By Leo Sun – Jun 19, 2017 at 12:01PM


Back in 2014, Chinese internet company SINA (SINA) spun off its social network Weibo (WB -2.84%) as a publicly traded company. SINA retained 56% of the outstanding shares of Weibo after the IPO. But over the past two years, SINA reduced its stake in Weibo with two share distributions.

The latest distribution, which will be completed on July 10, will reduce SINA's stake from 49% to 46%. However, SINA will still retain 72% voting power at Weibo. E-commerce giant Alibaba (BABA -1.82%), Weibo's second largest shareholder, reportedly holds a 31.5% stake.

SINA's mobile news app.

SINA's mobile news app. Source: Google Play.

This means that investors who owned SINA shares on June 7 will receive one extra share of Weibo for every ten shares of SINA on July 10. That move might seem confusing to investors, so let's explain what SINA is actually doing.

Why is SINA doing this?

Weibo went public on April 17, 2014 at $17 per share, and rallied over 320% since then. During the same period, shares of SINA rose just over 60%. That disparity occurred because SINA was weighed down by a slower-growth portal business, while Weibo was considered a streamlined "pure play" on Chinese social networks. The difference is apparent in their annual sales growth over the past three years.





2017 (forecast)











Annual revenue growth. Source: Company quarterly reports, Yahoo Finance.

Due to the performance and growth gap between the two companies, SINA started distributing its own Weibo shares to its shareholders to more accurately reflect the growth of the social network.

After the two 1-for-10 distributions, an investor who initially held 100 shares of SINA will own 20 additional shares of Weibo after July. SINA likely believes that the rally in Weibo shares will offset the perceived lack of enthusiasm for its older portal businesses.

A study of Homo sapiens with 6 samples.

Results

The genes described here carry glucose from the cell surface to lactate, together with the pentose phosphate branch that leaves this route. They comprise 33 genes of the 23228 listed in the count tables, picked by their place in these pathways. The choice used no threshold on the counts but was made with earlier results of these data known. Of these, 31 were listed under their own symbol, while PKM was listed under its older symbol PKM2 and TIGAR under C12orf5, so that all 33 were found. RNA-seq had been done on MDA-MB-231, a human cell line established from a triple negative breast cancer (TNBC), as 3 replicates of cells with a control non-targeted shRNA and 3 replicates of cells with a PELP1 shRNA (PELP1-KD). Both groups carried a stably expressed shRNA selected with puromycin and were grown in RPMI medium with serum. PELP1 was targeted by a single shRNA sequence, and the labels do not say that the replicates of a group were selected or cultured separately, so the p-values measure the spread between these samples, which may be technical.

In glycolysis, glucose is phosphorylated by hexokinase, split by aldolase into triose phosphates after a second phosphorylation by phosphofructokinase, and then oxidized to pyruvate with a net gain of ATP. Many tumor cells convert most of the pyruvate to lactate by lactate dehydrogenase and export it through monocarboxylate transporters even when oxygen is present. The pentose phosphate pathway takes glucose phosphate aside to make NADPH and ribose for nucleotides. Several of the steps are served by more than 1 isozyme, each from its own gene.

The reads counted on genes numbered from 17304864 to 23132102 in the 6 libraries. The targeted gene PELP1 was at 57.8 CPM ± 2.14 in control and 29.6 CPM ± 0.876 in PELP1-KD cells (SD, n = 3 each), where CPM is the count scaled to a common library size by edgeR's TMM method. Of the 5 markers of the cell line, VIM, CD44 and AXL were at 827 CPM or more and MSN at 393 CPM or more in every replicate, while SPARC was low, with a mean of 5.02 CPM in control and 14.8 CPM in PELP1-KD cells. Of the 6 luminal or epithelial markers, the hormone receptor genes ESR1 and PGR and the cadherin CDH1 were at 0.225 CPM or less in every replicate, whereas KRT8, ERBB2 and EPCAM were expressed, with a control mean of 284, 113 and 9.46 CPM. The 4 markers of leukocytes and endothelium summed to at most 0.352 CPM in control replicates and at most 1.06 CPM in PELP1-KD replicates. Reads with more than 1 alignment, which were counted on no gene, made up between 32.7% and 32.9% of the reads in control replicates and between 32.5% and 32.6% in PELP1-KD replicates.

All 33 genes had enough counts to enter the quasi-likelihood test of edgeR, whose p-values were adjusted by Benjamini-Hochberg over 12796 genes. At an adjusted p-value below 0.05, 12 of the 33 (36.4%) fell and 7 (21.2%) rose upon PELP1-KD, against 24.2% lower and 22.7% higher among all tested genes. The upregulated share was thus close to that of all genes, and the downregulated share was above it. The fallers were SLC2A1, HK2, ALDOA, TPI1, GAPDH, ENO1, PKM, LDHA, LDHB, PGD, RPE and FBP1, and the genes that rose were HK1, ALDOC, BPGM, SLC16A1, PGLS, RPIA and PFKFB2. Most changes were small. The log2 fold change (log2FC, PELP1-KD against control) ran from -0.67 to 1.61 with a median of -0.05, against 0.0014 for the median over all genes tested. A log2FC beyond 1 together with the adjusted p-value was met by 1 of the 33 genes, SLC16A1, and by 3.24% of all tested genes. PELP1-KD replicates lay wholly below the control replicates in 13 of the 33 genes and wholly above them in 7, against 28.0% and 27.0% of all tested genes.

What does this mean for SINA and Weibo investors?

As SINA reduces its stake in Weibo, the growing social network's revenue will account for a slightly smaller percentage of its top line. Last quarter, SINA's revenue from Weibo rose 67% to account for 72% of its top line. The portal business, which accounted for the rest, grew its revenues by less than 1%. Despite that drag, SINA's total revenues still grew 40%.

The portal business' gross margin of 50% last quarter was also much lower than Weibo's 77%. Therefore, reducing its stake in Weibo would likely impact SINA's margins and earnings growth. But analysts don't seem too worried -- they still expect SINA's earnings to rise 86% this year.

For Weibo, SINA's reduced stake isn't that meaningful, since its parent company still retains a clear voting majority. This means that if any potential suitor wants to acquire Weibo, it would need SINA's approval. That's why there's been speculation that Alibaba could buy SINA to gain control of Weibo.

Does this make one stock a smarter play than the other?

The distribution strategy creates an interesting opportunity for investors, since it currently appears that the market undervalues SINA's stake in Weibo. As of this writing, Weibo shares trade at about $72, which gives it a market cap of $15.6 billion. A 46% stake in that company would be worth $7.2 billion. SINA has a market cap of just $6.1 billion.

That disparity makes SINA look like an oddly undervalued play on Weibo. But we should also consider the valuation gap: SINA trades at just 26 times earnings, while Weibo trades at 112 times earnings. The industry average for internet information providers is 37.

If we value both SINA and Weibo with a P/E of 37, SINA's market cap rises to $8.5 billion, while Weibo's market cap falls to $2.7 billion -- which more accurately reflects the relationship between the two companies. However, it also tells us that SINA is a much safer way to invest in Weibo than Weibo itself, which is trading at lofty valuations in a frothy market.

Leo Sun owns shares of Sina. The Motley Fool recommends Sina and Weibo. The Motley Fool has a disclosure policy.